Isometric exercises like wall sits are “the most effective” at reducing blood pressure, a report says
A report in the British Journal of Sports Medicine compared how different forms of exercise impacted blood pressure. Included were aerobic exercise training (like running), dynamic resistance training (like push-ups or weight-training), combined training (which engages several muscle groups at once), high-intensity interval training (known as HIIT, characterized by bursts of intense exercise) and isometric exercise — which the Mayo Clinic explains is “tightening (contractions) of a specific muscle or group of muscles.”
Examples include leg lifts, planks, and wall sits — or wall squats, as they’re sometimes called — which the report specifically mentioned.
The report found that “isometric exercise training remains the most effective mode” at reducing blood pressure.
Blood pressure is measured by two numbers, the CDC explains. Systolic blood pressure, the first number, measures the pressure in your arteries when your heart beats. The pressure in your arteries when your heart rests is the second number, called diastolic.
Isometric exercise best reduced systolic pressure, while running reduced diastolic the most. However, isometric was overall the standout in decreasing pressure, the report found.
“Our main message is that actually engaging in exercise is fantastic and any exercise might reduce your blood pressure,” said Jamie O’Driscoll, the senior author of the study, told The Washington Post.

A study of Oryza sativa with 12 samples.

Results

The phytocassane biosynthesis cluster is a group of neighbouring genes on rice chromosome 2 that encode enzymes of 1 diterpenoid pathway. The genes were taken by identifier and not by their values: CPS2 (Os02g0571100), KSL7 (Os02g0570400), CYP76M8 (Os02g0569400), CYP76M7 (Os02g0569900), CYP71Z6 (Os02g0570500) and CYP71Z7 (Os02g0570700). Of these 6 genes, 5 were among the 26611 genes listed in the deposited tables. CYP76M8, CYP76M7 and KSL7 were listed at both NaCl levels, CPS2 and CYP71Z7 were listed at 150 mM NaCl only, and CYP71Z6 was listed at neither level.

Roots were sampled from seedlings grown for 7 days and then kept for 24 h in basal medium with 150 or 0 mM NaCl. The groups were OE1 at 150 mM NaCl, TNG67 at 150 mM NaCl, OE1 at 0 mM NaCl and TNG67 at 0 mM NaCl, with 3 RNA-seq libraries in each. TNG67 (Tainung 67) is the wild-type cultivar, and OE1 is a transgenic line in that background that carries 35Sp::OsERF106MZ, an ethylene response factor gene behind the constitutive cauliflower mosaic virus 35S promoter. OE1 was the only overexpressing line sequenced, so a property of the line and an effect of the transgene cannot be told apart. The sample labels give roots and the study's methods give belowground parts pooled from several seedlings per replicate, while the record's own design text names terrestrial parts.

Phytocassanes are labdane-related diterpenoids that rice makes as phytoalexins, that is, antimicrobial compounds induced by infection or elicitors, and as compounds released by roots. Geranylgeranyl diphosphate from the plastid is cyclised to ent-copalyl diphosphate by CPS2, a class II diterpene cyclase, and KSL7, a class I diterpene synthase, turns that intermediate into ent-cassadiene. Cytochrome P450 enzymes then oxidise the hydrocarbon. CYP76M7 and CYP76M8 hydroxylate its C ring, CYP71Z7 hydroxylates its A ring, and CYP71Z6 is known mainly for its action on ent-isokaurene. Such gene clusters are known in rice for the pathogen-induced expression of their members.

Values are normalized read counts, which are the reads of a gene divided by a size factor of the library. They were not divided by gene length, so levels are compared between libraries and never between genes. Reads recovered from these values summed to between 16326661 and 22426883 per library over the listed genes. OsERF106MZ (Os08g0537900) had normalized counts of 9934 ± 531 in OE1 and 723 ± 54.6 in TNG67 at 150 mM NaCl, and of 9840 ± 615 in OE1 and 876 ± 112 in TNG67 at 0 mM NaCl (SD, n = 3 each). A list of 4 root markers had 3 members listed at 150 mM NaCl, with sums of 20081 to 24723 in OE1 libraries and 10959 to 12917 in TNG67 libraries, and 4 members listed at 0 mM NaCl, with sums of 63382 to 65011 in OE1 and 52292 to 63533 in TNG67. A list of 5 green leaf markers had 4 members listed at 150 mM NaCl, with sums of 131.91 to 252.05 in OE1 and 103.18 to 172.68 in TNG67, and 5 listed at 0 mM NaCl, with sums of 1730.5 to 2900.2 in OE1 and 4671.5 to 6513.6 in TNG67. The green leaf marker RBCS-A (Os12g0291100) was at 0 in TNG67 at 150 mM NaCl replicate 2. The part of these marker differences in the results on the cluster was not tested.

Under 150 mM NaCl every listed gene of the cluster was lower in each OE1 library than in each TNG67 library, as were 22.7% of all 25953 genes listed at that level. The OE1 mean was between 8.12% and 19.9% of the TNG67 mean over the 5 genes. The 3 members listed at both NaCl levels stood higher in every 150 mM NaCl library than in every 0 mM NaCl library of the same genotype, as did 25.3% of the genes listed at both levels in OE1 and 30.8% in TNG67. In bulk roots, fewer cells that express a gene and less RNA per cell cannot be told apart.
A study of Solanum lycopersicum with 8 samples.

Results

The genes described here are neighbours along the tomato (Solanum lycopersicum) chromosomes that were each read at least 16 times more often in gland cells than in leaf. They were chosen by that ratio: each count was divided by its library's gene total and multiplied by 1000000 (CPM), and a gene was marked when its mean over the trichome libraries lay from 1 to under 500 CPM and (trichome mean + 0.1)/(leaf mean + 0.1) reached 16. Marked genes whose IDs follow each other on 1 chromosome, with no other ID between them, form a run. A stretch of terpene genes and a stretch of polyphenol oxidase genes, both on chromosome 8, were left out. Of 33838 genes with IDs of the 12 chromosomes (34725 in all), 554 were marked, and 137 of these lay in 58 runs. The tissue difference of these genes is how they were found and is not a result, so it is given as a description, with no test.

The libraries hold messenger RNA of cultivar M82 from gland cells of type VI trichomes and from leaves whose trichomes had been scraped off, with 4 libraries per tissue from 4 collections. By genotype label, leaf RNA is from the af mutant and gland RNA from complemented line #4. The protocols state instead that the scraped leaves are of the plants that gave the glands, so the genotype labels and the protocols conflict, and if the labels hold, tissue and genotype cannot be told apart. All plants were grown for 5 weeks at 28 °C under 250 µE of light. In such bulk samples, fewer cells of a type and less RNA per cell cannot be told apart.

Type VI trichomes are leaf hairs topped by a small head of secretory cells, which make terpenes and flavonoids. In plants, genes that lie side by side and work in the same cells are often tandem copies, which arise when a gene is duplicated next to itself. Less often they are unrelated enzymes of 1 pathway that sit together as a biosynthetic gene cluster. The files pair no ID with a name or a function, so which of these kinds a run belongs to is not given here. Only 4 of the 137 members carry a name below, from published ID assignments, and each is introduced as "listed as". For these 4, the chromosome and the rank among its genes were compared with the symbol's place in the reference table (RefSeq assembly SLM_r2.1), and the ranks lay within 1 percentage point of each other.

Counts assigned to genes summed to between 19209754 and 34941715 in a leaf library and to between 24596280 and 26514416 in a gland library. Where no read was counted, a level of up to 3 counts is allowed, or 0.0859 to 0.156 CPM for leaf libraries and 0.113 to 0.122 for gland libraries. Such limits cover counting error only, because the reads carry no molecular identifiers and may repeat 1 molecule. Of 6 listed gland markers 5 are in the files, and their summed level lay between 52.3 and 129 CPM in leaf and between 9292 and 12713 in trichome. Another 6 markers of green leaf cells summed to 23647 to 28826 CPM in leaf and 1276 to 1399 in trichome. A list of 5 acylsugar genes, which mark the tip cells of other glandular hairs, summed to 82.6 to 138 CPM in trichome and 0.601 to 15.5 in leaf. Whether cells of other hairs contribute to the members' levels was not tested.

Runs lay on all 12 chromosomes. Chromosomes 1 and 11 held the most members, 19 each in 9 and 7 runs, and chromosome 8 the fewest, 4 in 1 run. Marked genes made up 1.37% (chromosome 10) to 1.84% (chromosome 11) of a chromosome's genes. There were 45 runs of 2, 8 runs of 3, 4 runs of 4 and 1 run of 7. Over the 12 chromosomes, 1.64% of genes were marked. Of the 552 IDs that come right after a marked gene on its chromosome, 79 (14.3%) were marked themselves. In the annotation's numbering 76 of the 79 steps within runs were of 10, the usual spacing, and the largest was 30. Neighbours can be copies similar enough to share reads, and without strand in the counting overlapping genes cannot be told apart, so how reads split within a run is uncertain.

“But if you’re an individual who is currently exercising to the guidelines and you’re still having a bit of difficulty reducing that blood pressure and you want to avoid going on medication, perhaps isometrics is an additional mode to complement the exercise you’re already doing.”
As The Washington Post explained, “eight minutes of isometric exercise, three times a week, can lead to a meaningful reduction in blood pressure.”
This could mean holding the “sit” pose for two minutes, then resting for two minutes, until you’ve completed 8 minutes of the isometric exercise.
All you need is a flat wall and the right form, as Verywell Fit explains “many people get it wrong.”
When squatting, make sure “your knees are directly above your ankles (rather than over your toes),” the outlet explains.
High blood pressure can “can seriously hurt important organs like your heart, brain, kidneys, and eyes,” the CDC says — but it can be managed to avoid health problems.
“There are other lifestyle changes as well as exercise that can benefit your blood pressure,” Joanne Whitmore, senior cardiac nurse at the British Heart Foundation, who wasn’t involved in the report, told CNN.
“These include keeping to a healthy weight, eating a balanced diet, cutting down on salt, not drinking too much alcohol and ensuring that you continue to take any prescribed medication.”